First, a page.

This Valleywag piece describes the OkCupid user base as “the Web’s most normal pool of singles,” a dubious claim to the extent that said pool includes me. (Then again, as just one among a million or so, I figure I’m not doing much damage.) I’ll be the second to tell you, though, that the system has its drawbacks. Here’s the first:
Married Guy was looking for a little adventure with or without his wife, who had approved the whole thing. He signed up at OkCupid, and got a teaser email with photos and opening profile quotes of a few available women in his area. He recognized one as Single Girl, a professional colleague of his wife. Out of curiosity, he clicked Single Girl’s profile.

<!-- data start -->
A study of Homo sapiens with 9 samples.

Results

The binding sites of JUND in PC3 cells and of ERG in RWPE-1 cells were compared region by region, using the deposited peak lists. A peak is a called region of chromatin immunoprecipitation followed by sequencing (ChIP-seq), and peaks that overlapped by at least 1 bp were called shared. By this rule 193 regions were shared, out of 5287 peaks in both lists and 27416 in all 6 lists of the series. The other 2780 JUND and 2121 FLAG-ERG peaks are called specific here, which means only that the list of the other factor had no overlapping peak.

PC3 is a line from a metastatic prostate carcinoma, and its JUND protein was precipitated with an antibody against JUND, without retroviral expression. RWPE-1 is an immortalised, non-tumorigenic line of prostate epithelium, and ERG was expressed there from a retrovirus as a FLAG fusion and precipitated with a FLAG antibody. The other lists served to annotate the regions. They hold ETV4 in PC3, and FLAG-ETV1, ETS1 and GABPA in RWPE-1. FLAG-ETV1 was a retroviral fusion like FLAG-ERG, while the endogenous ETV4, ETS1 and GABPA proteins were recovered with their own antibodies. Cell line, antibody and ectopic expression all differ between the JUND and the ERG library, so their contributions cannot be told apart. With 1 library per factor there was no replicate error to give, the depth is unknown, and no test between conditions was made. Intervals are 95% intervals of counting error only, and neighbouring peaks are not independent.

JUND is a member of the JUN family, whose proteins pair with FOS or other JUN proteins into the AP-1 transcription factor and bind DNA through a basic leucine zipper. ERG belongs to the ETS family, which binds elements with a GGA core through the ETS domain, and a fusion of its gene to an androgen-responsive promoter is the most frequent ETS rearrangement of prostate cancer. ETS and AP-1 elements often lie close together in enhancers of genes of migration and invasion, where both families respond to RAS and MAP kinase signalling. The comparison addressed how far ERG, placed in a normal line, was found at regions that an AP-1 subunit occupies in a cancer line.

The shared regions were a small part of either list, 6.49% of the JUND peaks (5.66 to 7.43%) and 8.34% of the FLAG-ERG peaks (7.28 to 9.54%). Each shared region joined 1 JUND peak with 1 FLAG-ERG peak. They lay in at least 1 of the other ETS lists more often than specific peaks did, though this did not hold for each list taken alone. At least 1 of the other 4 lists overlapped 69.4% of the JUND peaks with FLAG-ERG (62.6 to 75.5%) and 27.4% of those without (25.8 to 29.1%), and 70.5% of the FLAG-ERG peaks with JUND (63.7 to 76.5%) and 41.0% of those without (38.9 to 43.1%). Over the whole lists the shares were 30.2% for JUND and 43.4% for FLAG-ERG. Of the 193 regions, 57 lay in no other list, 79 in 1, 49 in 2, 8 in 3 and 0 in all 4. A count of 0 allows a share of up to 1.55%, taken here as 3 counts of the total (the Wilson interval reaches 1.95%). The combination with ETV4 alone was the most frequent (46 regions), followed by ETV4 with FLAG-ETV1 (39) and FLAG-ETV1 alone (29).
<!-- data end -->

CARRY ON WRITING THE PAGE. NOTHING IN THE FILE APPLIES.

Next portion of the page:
What he didn’t realize was OkCupid notifies its members as to which other members have checked out their profiles. Single Girl, unbeknownst to Married Guy, found his profile in her inbox and realized omigod he’s cheating on his wife what do I say to her? She had specified “no married men” in her preferences, so she presumed he had listed himself as single. He, on the other hand, presumed she was into married guys, since OkCupid sent him her profile. Cue mutual embarrassment.
I’ve explained how this system is supposed to work once before.
Left unsaid in this whole semi-sordid saga is whether Mrs Married Guy also has a profile on the site.
I mention in passing that those folks who look me up are either around my age or very much younger: a lot of fifties, a lot of twenties, and not much in between. I have no idea what to make of this. (Is this pattern at all representative of the user base? And if so, can it truly be called the “most normal”?) Twentysomethings had no use for me when I was their age, fercryingoutloud. And should they be seeking sugar daddies, you’d think they’d be looking for somebody with, you know, money.